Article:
From trashman to governor? GOP hopeful Scott Wagner wants to be Pa. ‘cleanup guy’
Angela Couloumbis & Liz Navratil
May 6, 2018
It’s early on a Sunday evening in a cramped banquet room above a neighborhood bar near Harrisburg. State Sen. Scott Wagner sits at a table, nursing a Coors Light and punching numbers into his cellphone as a small crowd chatters around him.
Soon, it’s showtime, and Wagner — Republican senator, millionaire businessman, and the GOP’s endorsed candidate for governor — rises and strides to the front of the room to address a group decidedly in his corner: fiscal conservatives who believe in good jobs, fewer taxes, and a government that stays out of the way.
Those numbers he was punching into his phone? He tells the crowd it’s the total amount of extra money Pennsylvanians will see in their paychecks thanks to President Trump’s tax cuts. As he speaks, Wagner jumps from topic to topic: The natural gas pipeline. Beefing up the state’s skilled labor workforce. Zero-based budgeting.
It is quintessential Wagner: moving from 0 to 60 on the emotion speedometer in less than a minute, a quality reminiscent of former Gov. Ed Rendell, whose flashes of temper became legend.
That rage is a trait for which Wagner is either reviled or revered, and one that he has put on unabashed display during a short yet dramatic political career.
“I live by this motto: ‘Don’t do as I say, do as I do,’” Wagner said in an interview. “I’m willing to get my hands dirty. … I mean, I do it over here at the Capitol. If I walk in one of the bathrooms [and] somebody threw a paper towel or something on the floor, I pick it up. I wash my hands after.”
The president of a York County-based waste-hauling company, Wagner wants to be Harrisburg’s “cleanup guy.” He advocates for smaller government and limited spending, and argues that public-sector unions have too much influence.
Wagner holds himself out as the polar opposite of Wolf, who earned multiple degrees from elite schools and who rarely departs from his professorial demeanor. Wagner grew up on a farm, shoveled horse manure at age 10 — for a $5 weekly wage, he says — and skipped a college degree to launch what today is a $75 million waste-hauling business that holds scores of municipal contracts.
Where Wolf is quiet and thoughtful, Wagner is brash and unpredictable, often drawing comparisons to Trump, whom Wagner once jokingly referred to as “a mini-Wagner.”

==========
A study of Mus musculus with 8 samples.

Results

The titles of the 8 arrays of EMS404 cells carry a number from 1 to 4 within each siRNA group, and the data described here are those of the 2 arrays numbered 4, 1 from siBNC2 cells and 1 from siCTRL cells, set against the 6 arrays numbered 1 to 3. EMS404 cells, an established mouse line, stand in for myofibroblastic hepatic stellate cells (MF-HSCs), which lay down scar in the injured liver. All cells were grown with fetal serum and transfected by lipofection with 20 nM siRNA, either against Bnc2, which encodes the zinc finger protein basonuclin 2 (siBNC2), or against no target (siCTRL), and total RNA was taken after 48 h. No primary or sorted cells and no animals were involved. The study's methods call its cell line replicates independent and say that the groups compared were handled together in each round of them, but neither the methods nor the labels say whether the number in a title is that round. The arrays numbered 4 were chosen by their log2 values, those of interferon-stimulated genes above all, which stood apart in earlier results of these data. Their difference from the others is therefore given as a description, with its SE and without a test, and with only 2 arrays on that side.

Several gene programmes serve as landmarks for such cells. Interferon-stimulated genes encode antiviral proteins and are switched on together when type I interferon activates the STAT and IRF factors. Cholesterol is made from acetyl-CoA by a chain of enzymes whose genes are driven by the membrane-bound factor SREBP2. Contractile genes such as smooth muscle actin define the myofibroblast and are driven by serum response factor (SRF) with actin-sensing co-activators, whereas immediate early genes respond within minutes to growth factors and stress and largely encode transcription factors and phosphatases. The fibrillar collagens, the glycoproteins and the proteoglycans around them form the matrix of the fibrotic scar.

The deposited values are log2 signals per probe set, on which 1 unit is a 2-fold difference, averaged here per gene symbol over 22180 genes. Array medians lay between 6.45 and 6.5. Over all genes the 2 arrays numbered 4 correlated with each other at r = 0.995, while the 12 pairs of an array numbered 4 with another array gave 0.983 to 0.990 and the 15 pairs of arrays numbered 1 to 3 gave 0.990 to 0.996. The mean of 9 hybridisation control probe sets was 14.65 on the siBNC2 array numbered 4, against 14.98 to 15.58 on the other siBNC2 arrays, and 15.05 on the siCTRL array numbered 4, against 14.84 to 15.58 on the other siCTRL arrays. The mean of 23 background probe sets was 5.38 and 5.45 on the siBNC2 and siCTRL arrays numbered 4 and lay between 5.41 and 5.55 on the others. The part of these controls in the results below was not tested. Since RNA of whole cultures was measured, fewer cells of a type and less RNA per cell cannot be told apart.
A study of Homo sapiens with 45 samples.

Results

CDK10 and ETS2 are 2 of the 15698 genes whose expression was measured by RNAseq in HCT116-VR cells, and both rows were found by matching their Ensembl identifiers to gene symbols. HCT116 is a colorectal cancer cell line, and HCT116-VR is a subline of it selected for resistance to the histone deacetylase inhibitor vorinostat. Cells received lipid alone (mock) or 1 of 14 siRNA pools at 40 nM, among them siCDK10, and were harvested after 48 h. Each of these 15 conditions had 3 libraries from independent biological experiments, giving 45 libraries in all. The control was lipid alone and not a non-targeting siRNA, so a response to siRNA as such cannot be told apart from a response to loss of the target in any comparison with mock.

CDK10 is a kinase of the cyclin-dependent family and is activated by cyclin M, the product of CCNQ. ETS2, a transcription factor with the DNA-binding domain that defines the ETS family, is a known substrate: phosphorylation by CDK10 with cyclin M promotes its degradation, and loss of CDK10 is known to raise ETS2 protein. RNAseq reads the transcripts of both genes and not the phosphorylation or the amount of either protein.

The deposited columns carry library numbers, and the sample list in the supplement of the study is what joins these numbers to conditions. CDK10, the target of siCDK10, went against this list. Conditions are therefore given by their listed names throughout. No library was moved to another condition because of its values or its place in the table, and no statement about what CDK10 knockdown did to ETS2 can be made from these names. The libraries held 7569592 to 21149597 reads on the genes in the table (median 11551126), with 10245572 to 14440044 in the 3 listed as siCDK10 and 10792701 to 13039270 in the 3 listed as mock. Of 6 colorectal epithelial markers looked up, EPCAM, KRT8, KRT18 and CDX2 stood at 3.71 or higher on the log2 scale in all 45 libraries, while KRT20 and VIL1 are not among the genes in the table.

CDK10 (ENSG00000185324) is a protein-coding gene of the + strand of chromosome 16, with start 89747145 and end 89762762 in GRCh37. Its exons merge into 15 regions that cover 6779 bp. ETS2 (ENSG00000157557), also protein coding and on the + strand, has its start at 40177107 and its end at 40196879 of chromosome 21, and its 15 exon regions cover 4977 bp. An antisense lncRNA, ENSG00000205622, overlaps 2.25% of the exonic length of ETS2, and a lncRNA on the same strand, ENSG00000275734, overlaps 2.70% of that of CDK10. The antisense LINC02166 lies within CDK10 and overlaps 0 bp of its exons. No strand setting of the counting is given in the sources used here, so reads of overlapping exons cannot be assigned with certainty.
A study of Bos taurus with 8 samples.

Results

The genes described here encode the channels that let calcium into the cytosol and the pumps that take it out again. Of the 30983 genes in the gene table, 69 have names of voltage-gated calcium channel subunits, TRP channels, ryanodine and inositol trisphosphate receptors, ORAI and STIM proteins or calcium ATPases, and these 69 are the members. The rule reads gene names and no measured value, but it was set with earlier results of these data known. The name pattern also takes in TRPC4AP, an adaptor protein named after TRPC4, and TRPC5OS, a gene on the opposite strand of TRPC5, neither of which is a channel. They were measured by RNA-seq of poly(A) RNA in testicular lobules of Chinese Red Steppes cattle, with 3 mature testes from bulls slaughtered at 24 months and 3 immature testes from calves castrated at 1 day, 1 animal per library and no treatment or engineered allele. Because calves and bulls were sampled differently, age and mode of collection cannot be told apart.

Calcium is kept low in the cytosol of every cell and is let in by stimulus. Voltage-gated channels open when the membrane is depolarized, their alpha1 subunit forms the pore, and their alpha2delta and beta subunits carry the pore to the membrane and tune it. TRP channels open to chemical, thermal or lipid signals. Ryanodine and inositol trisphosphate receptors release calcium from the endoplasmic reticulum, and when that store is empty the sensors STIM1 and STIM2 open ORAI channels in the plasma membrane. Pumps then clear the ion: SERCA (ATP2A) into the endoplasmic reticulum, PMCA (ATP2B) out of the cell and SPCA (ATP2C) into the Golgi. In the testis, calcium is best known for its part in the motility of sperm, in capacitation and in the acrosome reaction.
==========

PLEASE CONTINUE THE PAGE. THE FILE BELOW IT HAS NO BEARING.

Can he beat Wolf?
“With him, anything can happen,” said Kennedy.
Despite opposition from major Republican players, Wagner won a 2014 special election as a write-in. That November, he was elected to serve a full four-year term.
The establishment took notice. No sooner had Wagner arrived in the Capitol than he was given a plum: running the Senate GOP’s campaign committee, a position that gave him sway in choosing candidates and propping up their campaigns with cash — sometimes his own.
Under his watch, Republicans grew their majority in the Senate from 31 to 34 seats in the 50-seat chamber — their largest majority in more than a half-century. Some new senators he helped elect are more conservative than the norm in a body known for being ideologically temperate.
But his main focus has always been taxpayer money: how state government (too big!) spends too much of it, and public sector unions (too powerful!) demand too much of it. How he expresses those views sometimes commands as much attention as the opinions themselves.
“He may be a bull in a china shop at times, but that’s part of his charm and part of why he is successful,” said Senate Majority Leader Jake Corman (R., Centre), who considers Wagner a friend. “You need members like that to challenge the status quo.”
Still, there is a side to Wagner that relishes getting under people’s skin. It is no accident that he set up his campaign office directly across from the state Capitol. It was, an aide said, so Wolf would have to look at a large sign with Wagner’s name on it every time he leaves work.
And, as Wagner likes to point out, he didn’t create Harrisburg’s financial problems, namely, its deep pension debt — what’s left unsaid is that the GOP-controlled legislature had a big hand in that. He just wants to be the one who cleans it up.